Where does your voice come from?

human voice for singing

What is singing?

Singing is the act of using rhythm, various vocal techniques and sustained tonality to produce musical sounds. These may include humming or applying melody to words.

Basic singing mechanics

Singing as well as speaking, involve a voice mechanism that is composed of the following:

  • Breath (inhale and exhale)

  • Vocal folds (also known as vocal cords)

  • Articulators (the parts of the vocal tract above the larynx, including palate, tongue, cheeks, teeth, lips)

  • Resonators (chest, throat, oral and nasal cavities, the sinuses)

Breath is the most basic and fundamental component of all good singing, because it affects pitch, volume, phrasing, vibrato. The organs involved in breath control are the diaphragm, intercostal muscles, lungs, and abdominal muscles. These organs regulate air pressure sent through the vocal folds and thus have a significant effect on the sound we produce.

Vocal folds (vocal cords) are composed of twin infoldings of mucous membrane stretched horizontally across the larynx. When a stream of air flows through them, they vibrate in a pulsating motion that creates the laryngeal sound. The muscles of the larynx (voice box) take part in adjusting the tension and length of the vocal folds to produce a required pitch and tone.

Articulators (palate, tongue, cheeks, teeth, lips) shape vocal resonances to form distinguishable vowel sounds. They help to produce recognizable words.

Resonators (chest, throat, oral and nasal cavities, and sinuses) help to amplify and modify the sound. They also produce a person’s recognizable voice.

How is the voice produced?

  • Air pressure moves towards the vocal folds by coordinated action of the diaphragm, abdominal muscles, chest muscles, and rib cage.

  • To vibrate effectively and produce sound vocal folds need to be at midline or ‘closed’.

  • Column of air pressure opens the bottom part of vocal folds

  • Air continues to move upwards and towards the top of vocal folds

  • The low pressure created behind the fast-moving air column causes the bottom to close, followed by the top.

  • Closure of the vocal folds cuts off the air column and releases a pulse of air and then a new cycle repeats.

  • The rapid pulses of air created by repeat vibratory cycles produce ‘voiced sound’.

  • The produced sound is buzzy, and it is then amplified and modified by the vocal tract resonators to create our distinctive speaking and singing voice.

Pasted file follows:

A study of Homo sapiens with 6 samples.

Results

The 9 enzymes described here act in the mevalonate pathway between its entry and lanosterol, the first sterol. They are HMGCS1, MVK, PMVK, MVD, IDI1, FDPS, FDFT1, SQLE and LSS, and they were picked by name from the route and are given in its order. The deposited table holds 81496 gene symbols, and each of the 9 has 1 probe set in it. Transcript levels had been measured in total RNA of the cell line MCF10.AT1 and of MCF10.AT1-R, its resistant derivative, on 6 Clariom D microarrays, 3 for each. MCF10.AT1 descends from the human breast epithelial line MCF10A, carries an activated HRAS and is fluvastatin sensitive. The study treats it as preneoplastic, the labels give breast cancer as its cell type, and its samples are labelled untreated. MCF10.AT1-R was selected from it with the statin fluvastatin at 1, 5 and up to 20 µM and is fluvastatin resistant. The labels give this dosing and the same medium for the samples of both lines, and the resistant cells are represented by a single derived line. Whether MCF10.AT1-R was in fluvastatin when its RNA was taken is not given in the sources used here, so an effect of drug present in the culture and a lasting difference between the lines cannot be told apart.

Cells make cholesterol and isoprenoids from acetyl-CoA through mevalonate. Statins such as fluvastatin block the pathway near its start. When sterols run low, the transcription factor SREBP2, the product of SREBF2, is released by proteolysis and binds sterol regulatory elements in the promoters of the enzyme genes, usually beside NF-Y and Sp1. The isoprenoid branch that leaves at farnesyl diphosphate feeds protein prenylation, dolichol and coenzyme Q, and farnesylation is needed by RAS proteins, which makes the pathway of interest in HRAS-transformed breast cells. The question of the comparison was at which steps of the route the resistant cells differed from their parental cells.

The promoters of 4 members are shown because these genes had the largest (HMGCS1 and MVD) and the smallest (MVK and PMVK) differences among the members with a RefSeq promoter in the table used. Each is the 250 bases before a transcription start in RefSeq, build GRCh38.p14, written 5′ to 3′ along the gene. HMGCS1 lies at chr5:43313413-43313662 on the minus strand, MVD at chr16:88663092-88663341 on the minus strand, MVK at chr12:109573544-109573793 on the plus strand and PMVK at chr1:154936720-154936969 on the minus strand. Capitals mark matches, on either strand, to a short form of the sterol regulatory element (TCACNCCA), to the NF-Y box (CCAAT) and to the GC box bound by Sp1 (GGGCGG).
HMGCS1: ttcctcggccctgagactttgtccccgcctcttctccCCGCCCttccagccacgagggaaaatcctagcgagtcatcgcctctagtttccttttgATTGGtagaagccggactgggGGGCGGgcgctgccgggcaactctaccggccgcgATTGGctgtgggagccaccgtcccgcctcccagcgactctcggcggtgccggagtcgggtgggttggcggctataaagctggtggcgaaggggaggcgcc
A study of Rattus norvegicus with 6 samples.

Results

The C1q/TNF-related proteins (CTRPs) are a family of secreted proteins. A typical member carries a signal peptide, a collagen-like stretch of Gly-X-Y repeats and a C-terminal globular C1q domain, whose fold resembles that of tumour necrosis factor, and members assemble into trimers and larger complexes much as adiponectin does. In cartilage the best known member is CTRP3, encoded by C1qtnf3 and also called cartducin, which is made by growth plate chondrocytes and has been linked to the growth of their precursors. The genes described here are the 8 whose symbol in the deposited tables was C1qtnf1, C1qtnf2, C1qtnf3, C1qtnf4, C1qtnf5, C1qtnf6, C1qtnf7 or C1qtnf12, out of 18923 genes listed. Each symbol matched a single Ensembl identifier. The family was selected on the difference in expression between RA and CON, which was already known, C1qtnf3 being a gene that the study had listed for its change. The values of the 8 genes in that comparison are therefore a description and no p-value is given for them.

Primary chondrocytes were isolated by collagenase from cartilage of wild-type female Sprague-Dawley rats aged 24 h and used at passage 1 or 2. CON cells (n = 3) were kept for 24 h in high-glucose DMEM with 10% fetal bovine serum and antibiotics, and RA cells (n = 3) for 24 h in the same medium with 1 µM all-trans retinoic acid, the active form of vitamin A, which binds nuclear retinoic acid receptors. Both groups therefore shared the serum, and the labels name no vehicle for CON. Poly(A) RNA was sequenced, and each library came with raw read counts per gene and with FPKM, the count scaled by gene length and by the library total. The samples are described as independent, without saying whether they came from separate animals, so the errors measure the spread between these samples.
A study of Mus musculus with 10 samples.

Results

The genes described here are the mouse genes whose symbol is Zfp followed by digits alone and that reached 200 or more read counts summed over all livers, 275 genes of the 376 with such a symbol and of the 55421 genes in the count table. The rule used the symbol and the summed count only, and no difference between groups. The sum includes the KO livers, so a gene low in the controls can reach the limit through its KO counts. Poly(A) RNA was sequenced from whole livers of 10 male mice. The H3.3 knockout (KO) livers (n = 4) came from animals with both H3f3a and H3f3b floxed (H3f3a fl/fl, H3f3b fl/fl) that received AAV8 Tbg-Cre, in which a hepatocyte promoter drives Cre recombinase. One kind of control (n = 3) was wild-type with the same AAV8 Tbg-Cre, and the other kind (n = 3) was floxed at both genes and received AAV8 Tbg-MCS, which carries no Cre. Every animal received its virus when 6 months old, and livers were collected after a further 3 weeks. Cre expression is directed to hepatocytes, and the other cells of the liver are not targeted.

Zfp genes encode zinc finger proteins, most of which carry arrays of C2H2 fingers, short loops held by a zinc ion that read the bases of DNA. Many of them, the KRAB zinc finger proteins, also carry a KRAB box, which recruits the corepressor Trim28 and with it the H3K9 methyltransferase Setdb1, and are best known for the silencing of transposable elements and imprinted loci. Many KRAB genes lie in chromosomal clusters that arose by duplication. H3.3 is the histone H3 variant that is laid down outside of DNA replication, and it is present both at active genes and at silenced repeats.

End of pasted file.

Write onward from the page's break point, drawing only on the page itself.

The many shades of the voice

Our voices can take on a wide spectrum of qualities and colors. We can speak, whisper or shout and we are able to modify the way we sound in a number of ways. The nose, throat and mouth amplify and modify the sound. This in turn enables us to produce a vast array of tonal qualities and different singing styles, e.g. opera, pop, rock, gospel, jazz, blues, etc.

The sound of each individual’s singing voice is unique and influenced by a combination of the following factors:

  • the shape and size of the vocal cords

  • the shape and size of the rest of the body, including the chest and neck, the position of the tongue, and the workings of the muscles (tension and tightness)

  • the size and bone structure

  • the position of the larynx

All of the above take part in shaping the pitch, volume, timbre and tone.

Vocal technique

Good singing technique doesn’t require much muscle strength, but it does require a well-balanced coordination of all processes involved in producing vocal sound, i.e.

  • respiration (breath is taken)

  • phonation (sound is initiated in the larynx)

  • resonation (resonators receive the sound and modify it)

  • articulation (articulators shape the sound into recognizable singing voice)

Difficulties to coordinate these elements effectively, will have an impact on the student’s ability to:

  • extend the vocal range

  • develop consistent vocal production and tonal quality

  • develop flexibility and agility

  • achieve a balanced vibrato

Developing the singing voice

Singing is a blend of vocal technique and interpretation and the best results in vocal skill development can be achieved when the following areas are adequately catered for:

  • vocal health – singers should take good care of their voices and bodies through eating well balanced and nutritious diets, staying hydrated, ensuring sufficient rest, and staying fit, as general fitness will improve muscle coordination, breath control, and stamina.

  • safe technique – effective vocal development requires regular practice. However, singers should never feel any discomfort during singing, so any exercises that cause even the slightest form of pain, should be abandoned straight away. Pain when singing indicates poor and unhealthy technique.

  • warm up exercises – vocal warm-ups play a crucial role in the development of a healthy singing voice. It is good practice to gently warm up the vocal instrument in preparation of singing. Whilst vocal warm-ups don’t need to take too much time, a warm-up routine is highly recommended to help the voice get ready for greater demands.

Singing is not only a wonderful form of expression, but it is also an activity that has vastly positive effects on people’s health. It can help to develop greater lung capacity, improve mood, and reduce stress. It has a positive influence on the immune system, provides many cognitive and emotional benefits and it is becoming a popular method of helping individuals improve their general health and wellness.